The ages of formations and larger groupings of Precambrian stratified rocks in the Cordillera are, in general, poorly constrained. Only two useful macrofossil assemblages are known: an Ediacaran, non-skeletal fauna found only in the youngest formations, and an older, Chuaria-Tawuia associationwhose duration of several hundred million years provides age control little more constrained than that provided by the few available radiometric dates. Stromatolite biostratigraphy to date has failed to provide useful chronocorrelation with the Riphean of the U.S.S.R. Only the youngest formations have been characterized palynologically.
Few reliable radiometric dates have been published, but bracketing dates and structural relationships permit the assignment of most major successions of Cordilleran Proterozoic strata to one or other of the sequences recognized by G.M. Young and co-workers:
Sequence A: =1.7 to =1.2 Ga
Sequence B: =1.2 to =0.78 Ga
Sequence C: =0.78 to =0.57 Ga
These sequences, of which A and B are the subject of this chapter, provide a useful, though imprecise, framework for discussion. Sequence C nconformably overlies Sequence B and is discussed in Chapter 6.
Sequence A (Purcell-Wernecke, Cap Mountain-Hornby Bay, Muskwa assemblages) conspicuously lacks the longitudinal Cordillera continuity of Upper Proterozoic strata (Sequence C) and is exemplified by the classical Purcell (Belt) Supergroup of southeastern British Columbia, southwestern Alberta, Montana and Idaho. Its patterns of sedimentary facies and thickness (up to 20 km) have generally been interpreted as those of a continental-marginsuccession, but for the Belt-Purcell Basin at least, work in the northwestern United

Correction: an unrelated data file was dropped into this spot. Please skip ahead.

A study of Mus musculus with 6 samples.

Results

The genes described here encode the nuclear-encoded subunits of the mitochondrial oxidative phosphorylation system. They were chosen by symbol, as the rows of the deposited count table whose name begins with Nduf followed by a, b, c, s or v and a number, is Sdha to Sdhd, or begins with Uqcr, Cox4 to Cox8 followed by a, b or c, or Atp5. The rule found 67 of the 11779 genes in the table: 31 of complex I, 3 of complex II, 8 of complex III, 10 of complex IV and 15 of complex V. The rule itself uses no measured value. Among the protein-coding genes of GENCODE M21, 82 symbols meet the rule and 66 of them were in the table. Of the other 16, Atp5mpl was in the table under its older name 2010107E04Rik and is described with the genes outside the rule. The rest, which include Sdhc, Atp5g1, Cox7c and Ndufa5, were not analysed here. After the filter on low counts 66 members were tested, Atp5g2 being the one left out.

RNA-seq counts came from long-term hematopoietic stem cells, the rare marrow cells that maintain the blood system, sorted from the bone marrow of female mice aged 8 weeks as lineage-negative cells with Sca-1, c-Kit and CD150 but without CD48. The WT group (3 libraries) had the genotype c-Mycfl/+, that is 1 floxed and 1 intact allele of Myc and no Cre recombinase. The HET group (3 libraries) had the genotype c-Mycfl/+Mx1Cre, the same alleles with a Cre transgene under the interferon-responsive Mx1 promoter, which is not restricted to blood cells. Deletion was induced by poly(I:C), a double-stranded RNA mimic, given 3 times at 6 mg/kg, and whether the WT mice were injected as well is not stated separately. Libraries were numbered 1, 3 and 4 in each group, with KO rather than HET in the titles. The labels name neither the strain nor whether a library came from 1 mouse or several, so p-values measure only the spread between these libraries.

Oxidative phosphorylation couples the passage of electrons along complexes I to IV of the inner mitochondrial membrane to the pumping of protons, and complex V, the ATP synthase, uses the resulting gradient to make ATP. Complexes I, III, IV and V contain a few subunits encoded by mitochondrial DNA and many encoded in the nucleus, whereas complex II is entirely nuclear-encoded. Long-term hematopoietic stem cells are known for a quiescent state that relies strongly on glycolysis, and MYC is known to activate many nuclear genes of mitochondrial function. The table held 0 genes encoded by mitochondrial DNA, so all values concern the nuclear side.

Figures & Tables
Geology of the Cordilleran Orogen in Canada
Seven stratigraphic chapters cover time slices from Precambrian to Neogene; also included are chapters covering tectonic framework, paleomagnetism, physiographic evolution, Quaternary glaciation, volcanic and plutonic regimes, metamorphism, structural styles, metallogeny, energy and ground resources, and natural hazards. A tectonic synthesis chapter and a summary of outstanding problems round out the volume. Accompanying plates include physiographic, tectonic assemblage, terrane and metamorphic maps, correlation charts, structural cross sections, and special maps showing distribution of Proterozoic and Miocene plutonic suites and the metallogeny of terranes.